U.S. Base Oil Price Report


Calumet alerted its customers that it will boost all neutral grades by 30 cents/gal across-the-board, effective Friday Nov. 6.

As reported last week, Calumet, as well as all other U.S. naphthenic producers, issued price increase notices to their customers outlining hikes of 25 cents/gal for all pale oils. Those higher prices were set to unfold between Nov. 3 and Nov. 9.

Valeros price increases went into effect this past Monday. The company raised all its paraffinic neutrals by 30 cents/gal and upped bright stock by 25 cents/gal.

There is a pensiveness detected in the market. Some players speculate that the lack of posting changes by most of the majors is indicative of poor sales. The answer to that is somewhat complicated, sources lamented. On one side, there continues to be strong demand for heavy vis and bright stock. Conversely, there has been less buying activity for light and some mid vis grades for months, they say. But whether sales are simply poor or producers are keeping low inventories for those grades is difficult to verify.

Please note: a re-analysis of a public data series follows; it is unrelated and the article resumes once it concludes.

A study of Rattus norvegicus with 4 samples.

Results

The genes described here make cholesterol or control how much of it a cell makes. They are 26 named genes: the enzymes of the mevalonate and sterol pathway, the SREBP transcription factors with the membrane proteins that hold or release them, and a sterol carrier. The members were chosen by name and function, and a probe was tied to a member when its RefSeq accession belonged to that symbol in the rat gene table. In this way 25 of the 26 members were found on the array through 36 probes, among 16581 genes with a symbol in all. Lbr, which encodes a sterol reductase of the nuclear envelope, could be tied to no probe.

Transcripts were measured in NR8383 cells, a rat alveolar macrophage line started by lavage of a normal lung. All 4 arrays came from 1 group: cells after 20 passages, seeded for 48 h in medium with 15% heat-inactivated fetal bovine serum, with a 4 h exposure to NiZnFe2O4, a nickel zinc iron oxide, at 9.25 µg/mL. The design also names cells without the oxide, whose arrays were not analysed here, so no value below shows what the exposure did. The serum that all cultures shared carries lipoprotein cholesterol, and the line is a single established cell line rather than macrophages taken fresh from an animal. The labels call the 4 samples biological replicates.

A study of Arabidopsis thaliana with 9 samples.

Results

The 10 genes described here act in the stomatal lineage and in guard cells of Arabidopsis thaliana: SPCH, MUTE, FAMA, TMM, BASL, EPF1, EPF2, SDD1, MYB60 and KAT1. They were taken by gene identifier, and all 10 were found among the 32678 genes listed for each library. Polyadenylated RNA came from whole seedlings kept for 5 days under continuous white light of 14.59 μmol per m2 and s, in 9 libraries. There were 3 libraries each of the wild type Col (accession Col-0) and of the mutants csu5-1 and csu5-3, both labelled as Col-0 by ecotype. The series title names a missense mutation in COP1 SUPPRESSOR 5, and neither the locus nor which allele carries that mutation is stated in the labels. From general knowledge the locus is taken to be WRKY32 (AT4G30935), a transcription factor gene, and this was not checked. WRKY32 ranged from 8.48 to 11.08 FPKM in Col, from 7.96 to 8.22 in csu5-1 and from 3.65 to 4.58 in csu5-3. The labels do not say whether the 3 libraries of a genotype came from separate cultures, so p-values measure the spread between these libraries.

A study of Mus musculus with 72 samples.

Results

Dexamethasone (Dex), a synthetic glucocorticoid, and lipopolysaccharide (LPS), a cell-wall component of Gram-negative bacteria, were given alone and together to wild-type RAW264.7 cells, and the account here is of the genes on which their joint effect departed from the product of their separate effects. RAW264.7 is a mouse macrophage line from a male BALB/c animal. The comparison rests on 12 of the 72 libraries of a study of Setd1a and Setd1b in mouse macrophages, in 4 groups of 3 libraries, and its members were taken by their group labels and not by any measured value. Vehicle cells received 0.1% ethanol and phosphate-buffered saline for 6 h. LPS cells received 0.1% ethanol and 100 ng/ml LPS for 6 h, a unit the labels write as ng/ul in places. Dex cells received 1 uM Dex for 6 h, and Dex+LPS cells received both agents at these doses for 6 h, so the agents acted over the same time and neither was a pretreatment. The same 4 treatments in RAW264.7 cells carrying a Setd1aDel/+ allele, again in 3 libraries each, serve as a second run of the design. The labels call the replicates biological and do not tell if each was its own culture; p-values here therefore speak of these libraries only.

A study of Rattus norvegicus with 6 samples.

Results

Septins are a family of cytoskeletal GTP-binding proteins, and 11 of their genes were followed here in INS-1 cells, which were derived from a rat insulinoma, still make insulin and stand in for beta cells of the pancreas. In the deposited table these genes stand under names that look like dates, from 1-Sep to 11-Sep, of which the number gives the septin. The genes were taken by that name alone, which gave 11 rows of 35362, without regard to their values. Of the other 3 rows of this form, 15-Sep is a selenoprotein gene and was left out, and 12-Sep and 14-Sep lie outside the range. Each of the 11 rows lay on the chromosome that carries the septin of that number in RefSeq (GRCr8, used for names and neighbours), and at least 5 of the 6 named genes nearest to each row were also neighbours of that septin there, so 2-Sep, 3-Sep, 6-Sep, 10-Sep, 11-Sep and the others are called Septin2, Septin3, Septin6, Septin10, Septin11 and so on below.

Many players believe that producers have been operating well below capacity for the better part of this year. They have also suggested that this years uneventful hurricane season has most likely lead to higher inventories at production sites.

Meanwhile, producers are keeping a close watch on upstream developments as crude continues to flirt with the $80 per barrel mark. Other feedstock costs have steadily risen for months. Yet there has not been a major round of posted price hikes since early July, with the exception of the recent moves by Valero and Calumet on the paraffinic side.

For the most part, suppliers indicate that overall sales are on target and in some cases even better-than-expected for this late in the year, usually a time market activity has begun to slow.

Buyers say that requirements are being met in a timely manner, and there have been no delayed shipments for even the harder-to-source spot product such as N 600 to N 700 or bright stock.

At the close of the Tuesday, Nov. 3, NYMEX session, light sweet crude futures ended at $79.60 per barrel, a small gain of 5 cents compared to the week-earlier settlement at $79.55/bbl.

Historic U.S. posted base oil prices and WTI and Brent crude spot prices are available for purchase in Excel format.